PBI-Guatemala accompanies Peaceful Resistance of La Puya at 10th anniversary of blockade against gold mine
On Sunday March 6, PBI-Guatemala posted: “Today PBI accompanies the Peaceful Resistance of La Puya in commemoration of its 10th anniversary.”
As can be seen in this Twitter video, there was a celebratory feel to the anniversary.
This video clip also gives a sense of the gathering.
On March 3, PBI-Guatemala also posted: “We talked with representatives of the Puya on its 10th anniversary.” The video of that interview can be watched here.
TIMELINE OF THE RESISTANCE
On March 2, 2012, residents from San José del Golfo and San Pedro Ayampuc – an area known as La Puya, just north of Guatemala City – set up a 24-hour a day blockade at the entrance of the Vancouver-based Radius Gold Inc. El Tambor mine also known as the Progreso VII Derivada mine.
By August 2012, the Canadian company sold El Tambor to US-based Kappes, Cassiday & Associates, but retained an economic interest in the mine (including quarterly royalty payments on the gold production from the mine).
On May 23, 2014, after two years of peaceful struggle, the communities in resistance to the mine were violently evicted by the police.
(Two PBI-Guatemala volunteers who witnessed the May 2014 eviction were informed by the Guatemalan government of the cancellation of their temporary residence in the country, although the executive eventually reversed the decision.)
By February 2016, the Peaceful Resistance of La Puya won a Guatemalan Supreme Court ruling that provisionally suspended the mining licence because there had not been prior consultation with affected communities, as is required under Guatemalan and international law, in particular the International Labour Organization’s Convention 169.
Even after their eviction in 2014 and the court ruling in 2016, members of La Puya continued a 24-hour presence in opposition to the mine.
Then in December 2018, Kappes, Cassiday & Associates filed a $300 million claim with the International Centre for Settlement of Investment Disputes (ICSID), a World Bank arbitration mechanism, claiming its investor rights under the Dominican Republic–Central America Free Trade Agreement (CAFTA-DR) had been violated.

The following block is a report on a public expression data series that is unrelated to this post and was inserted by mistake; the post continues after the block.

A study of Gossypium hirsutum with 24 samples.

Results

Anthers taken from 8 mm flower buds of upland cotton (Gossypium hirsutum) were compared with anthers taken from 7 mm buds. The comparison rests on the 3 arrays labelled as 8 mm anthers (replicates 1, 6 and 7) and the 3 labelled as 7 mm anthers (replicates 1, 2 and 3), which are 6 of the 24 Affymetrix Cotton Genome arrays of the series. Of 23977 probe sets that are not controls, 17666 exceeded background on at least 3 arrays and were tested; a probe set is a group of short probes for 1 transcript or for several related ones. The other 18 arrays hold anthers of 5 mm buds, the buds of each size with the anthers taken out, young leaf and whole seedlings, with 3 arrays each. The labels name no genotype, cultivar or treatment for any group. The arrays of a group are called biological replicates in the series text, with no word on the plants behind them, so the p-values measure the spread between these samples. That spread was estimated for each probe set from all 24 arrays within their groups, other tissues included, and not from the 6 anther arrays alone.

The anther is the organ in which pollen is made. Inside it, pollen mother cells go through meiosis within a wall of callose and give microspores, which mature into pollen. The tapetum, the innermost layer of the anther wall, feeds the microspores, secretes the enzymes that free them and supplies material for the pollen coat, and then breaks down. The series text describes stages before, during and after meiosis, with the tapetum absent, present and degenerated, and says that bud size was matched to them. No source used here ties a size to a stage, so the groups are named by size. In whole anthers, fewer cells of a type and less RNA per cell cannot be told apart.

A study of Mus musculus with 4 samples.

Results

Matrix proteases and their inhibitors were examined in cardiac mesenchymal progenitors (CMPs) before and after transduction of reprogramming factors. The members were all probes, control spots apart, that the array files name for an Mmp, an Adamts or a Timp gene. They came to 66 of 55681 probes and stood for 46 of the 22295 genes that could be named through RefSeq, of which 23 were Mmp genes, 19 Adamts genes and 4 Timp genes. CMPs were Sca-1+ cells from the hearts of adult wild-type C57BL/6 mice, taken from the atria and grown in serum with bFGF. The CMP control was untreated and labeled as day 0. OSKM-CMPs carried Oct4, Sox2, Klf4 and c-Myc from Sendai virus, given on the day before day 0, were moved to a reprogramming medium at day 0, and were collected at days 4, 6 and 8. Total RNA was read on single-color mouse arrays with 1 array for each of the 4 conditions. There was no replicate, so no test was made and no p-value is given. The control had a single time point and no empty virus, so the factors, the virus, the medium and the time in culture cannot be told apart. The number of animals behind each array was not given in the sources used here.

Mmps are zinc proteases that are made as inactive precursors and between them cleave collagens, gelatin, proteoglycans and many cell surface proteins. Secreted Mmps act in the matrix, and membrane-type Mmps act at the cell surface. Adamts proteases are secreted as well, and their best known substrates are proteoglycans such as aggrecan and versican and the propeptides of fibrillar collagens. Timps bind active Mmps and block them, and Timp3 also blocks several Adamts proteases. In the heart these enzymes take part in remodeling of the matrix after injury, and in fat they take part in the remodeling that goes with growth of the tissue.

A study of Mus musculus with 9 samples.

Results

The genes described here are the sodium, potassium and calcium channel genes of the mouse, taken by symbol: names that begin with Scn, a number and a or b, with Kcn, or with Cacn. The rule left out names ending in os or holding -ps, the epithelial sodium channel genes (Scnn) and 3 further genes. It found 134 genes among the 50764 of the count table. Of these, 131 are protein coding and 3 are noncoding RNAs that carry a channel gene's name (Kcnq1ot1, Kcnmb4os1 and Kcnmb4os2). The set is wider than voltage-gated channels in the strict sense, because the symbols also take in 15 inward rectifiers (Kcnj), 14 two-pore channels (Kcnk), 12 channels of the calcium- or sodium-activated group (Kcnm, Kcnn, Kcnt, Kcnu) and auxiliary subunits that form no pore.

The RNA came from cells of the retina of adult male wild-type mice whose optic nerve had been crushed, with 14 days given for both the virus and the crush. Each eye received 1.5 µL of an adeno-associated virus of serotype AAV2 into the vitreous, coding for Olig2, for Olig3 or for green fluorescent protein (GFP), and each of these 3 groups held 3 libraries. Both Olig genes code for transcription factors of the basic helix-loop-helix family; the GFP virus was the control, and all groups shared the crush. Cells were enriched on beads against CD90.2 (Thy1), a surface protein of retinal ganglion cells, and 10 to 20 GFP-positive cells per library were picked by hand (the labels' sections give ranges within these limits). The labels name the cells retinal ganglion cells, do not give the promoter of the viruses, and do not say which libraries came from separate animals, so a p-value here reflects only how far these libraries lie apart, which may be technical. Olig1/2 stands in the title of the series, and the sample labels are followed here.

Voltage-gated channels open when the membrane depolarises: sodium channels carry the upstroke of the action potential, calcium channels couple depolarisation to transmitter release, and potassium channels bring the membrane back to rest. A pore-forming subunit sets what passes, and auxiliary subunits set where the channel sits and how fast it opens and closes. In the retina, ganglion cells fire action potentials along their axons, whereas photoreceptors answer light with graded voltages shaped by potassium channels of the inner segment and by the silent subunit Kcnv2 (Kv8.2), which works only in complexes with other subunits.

On May 21, 2021, the court suspension on the mine imposed in 2016 was lifted, but authorization for the mine to begin operation has not been granted. The police were present at the site to enforce the court ruling, while the Resistance reaffirmed its commitment to the peaceful fight for the defence of life, natural property and territory.
On June 21, 2021, according to the World Bank ICSID website, “The Tribunal [hearing the claim] issued Procedural Order No. 7 concerning confidentiality matters.” PBI-Guatemala has previously noted: “The Peaceful Resistance is forming legal alliances and solidarity across national and international organizations and groups [to] make their voices heard in this exclusionary procedure.”
On July 16, 2021, PBI-Guatemala accompanied the Resistance at the site of the blockade/sit-in for a dialogue with state institutions in the framework of international arbitration process driven by the company Kappes, Cassiday & Associates.
On January 13, 2022, PBI-Guatemala accompanied the Peaceful Resistance of San Pedro Ayampuc and introduced themselves to the municipal authorities.
We continue to follow this situation closely.
The Peace Brigades International-Guatemala Project has accompanied the Peaceful Resistance of La Puya since November 2012.
“Between religious celebrations, parades, music, murals and various expressions of art, the Peaceful Resistance La Puya commemorated 10 years of Peaceful Resistance for the defense of life and water against the imposition of the mining project ‘Progress VII Derivada’.”